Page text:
At only 28 years old and with nothing but an upset primary win in a New York City congressional district on her résumé, being anointed the “future of the Democratic Party” was quite a burden to place on Alexandria Ocasio-Cortez. Since beating Rep. Joe Crowley — a veteran incumbent, as well as the boss of New York’s Queens County’s Democratic Party — on June 26, Ocasio-Cortez has become something of a political rock star, according to Democratic National Chairman Tom Perez, who gave her that title.
Perez might be right. But if so, there are two things about Ocasio-Cortez that are of greater interest than the fact that she embodies the Democrats’ hopes of generating a massive turnout of young voters this fall for midterm elections. One is that she ran as a “Democratic Socialist,” rather than a garden-variety Democrat. The other is that she’s already on record libeling the State of Israel, and has struggled to give a coherent explanation for those views.
Vermont Sen. Bernie Sanders proved during his surprisingly effective 2016 presidential campaign that “socialist” was no longer a dirty word for American liberals. For those who have grown up in the three decades since the fall of the Berlin Wall, the reality of that term is as remote as the collapse of the Roman Empire. For many young voters, socialism is a catchall phrase embodying their resentment of a rapidly changing global economy, and a claim of wanting to make the world a better and more equitable place.
In a Democratic Party drifting to the left, with figures like Sanders and now Ocasio-Cortez appealing to its liberal base, the stigma that had rightly attached itself to socialism has faded.
Socialism has always been in fashion in pockets of academia, but it was widely accepted in the early 20th century as societies struggled to adjust to a modern industrial economy. Given the oppression they faced in Europe, Jews were vulnerable to the notion of a new world in which equality reigned and discrimination was eliminated.
Some forms of socialism — such as Labor Zionism and even Bundists, who hoped to find freedom for Jews in a socialist Europe — were relatively benign. But the strain that gained power in much of the world soon illustrated not only its basic economic fallacy (something that was also true in Israel, until it discarded the socialism of its founders), but also what happens when power is concentrated in the hands of a small group that thinks it knows how everyone else should live.
The great lessons of the 20th century were that when regimes ruled by this ideology are created to suppress individual rights and the free market, the result is inherently dictatorial, and economic ruin soon follows. It’s not just that, for all of its problems, capitalism is the only sure path to prosperity and freedom. During the course of the last century, the cumulative death toll of Communist regimes, which always described themselves as socialist, reached 100 million — slaughtered in famines, purges and gulags. When individual freedom is sacrificed on the altar of utopian ideology, blood always flows.
That socialism is now making a comeback shows how fleeting historical memory is. But the problem with utopian thinking is that it involves more than discredited economic theories. Today’s socialists are also influenced by intersectional theory that identifies all causes associated with minorities or Third World peoples as part of a general struggle against capitalism. Both Sanders and Ocasio-Cortez accused Israel of atrocities, embracing lies spread by Hamas apologists during the weekly “return marches” that started this spring, when Israel’s border with Gaza was assaulted by Palestinian rioters armed with rocks, Molotov cocktails, and explosives.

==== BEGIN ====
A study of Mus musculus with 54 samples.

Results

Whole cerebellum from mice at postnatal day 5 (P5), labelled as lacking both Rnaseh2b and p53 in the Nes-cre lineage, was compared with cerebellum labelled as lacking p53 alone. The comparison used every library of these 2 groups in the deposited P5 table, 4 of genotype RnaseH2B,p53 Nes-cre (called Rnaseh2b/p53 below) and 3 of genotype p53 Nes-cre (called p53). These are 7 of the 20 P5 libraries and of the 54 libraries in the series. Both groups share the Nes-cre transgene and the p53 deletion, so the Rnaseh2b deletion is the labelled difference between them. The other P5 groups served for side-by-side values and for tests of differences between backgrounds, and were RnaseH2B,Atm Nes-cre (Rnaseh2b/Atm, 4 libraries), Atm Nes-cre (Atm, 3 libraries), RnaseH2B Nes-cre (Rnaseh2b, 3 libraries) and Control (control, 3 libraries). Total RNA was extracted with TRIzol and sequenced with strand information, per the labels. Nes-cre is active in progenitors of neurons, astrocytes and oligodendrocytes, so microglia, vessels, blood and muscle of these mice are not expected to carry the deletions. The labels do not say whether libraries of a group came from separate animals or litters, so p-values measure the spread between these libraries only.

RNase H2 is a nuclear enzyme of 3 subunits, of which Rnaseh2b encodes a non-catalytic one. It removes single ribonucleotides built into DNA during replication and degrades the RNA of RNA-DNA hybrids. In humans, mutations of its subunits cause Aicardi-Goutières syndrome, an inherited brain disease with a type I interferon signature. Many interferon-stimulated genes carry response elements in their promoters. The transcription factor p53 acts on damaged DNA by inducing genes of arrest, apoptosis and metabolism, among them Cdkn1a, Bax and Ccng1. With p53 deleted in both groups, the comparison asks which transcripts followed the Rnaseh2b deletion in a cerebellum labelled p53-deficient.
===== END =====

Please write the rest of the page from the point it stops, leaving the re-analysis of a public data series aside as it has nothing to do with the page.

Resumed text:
In a PBS “Firing Line” interview after her victory, Ocasio-Cortez was asked to account for her claim that Israel had conducted a “massacre.” Her response was incoherent. Though at one point she said she supported Israel’s right to exist and a two-state solution, she also said she opposed the “occupation of Palestine.” When challenged by interviewer Margaret Hoover to explain what she meant, Ocasio-Cortez was flustered, saying she wasn’t an “expert on geopolitics.”
Since then, Ocasio-Cortez has flip-flopped on the issue as she reacts to criticism from fellow leftists, who fear she is backing off her opposition to the Jewish state. Unfortunately, the people whose efforts she and Sanders supported by unfairly criticizing Israel do know what they mean by “occupation.” For those who took part in the marches, “return” means turning back the clock to 1948 and erasing the State of Israel, all of which they deem “occupied” territory. Yet that doesn’t stop contemporary “socialists” from seeking to undermine Israel’s right to defend itself.
Ocasio-Cortez won’t be the only member of Congress who thinks ignorance is no reason to avoid spouting off about serious issues, even when it means libeling Israel. Yet the real problem here is the consequence of the utopian impulse at the heart of her ideas.
The romance of socialism is irresistible to those who believe that outrage and good intentions are a substitute for sound economics or an understanding of conflicts in which murderous hate is disguised as a struggle against imperialism. But it’s a temptation that anyone with an understanding of history should avoid.
If Ocasio-Cortez and those who follow in her footsteps are the future of the Democratic Party, it bodes ill for the United States, Israel, and most certainly, for the Democrats.
Jonathan S. Tobin is editor-in-chief of JNS.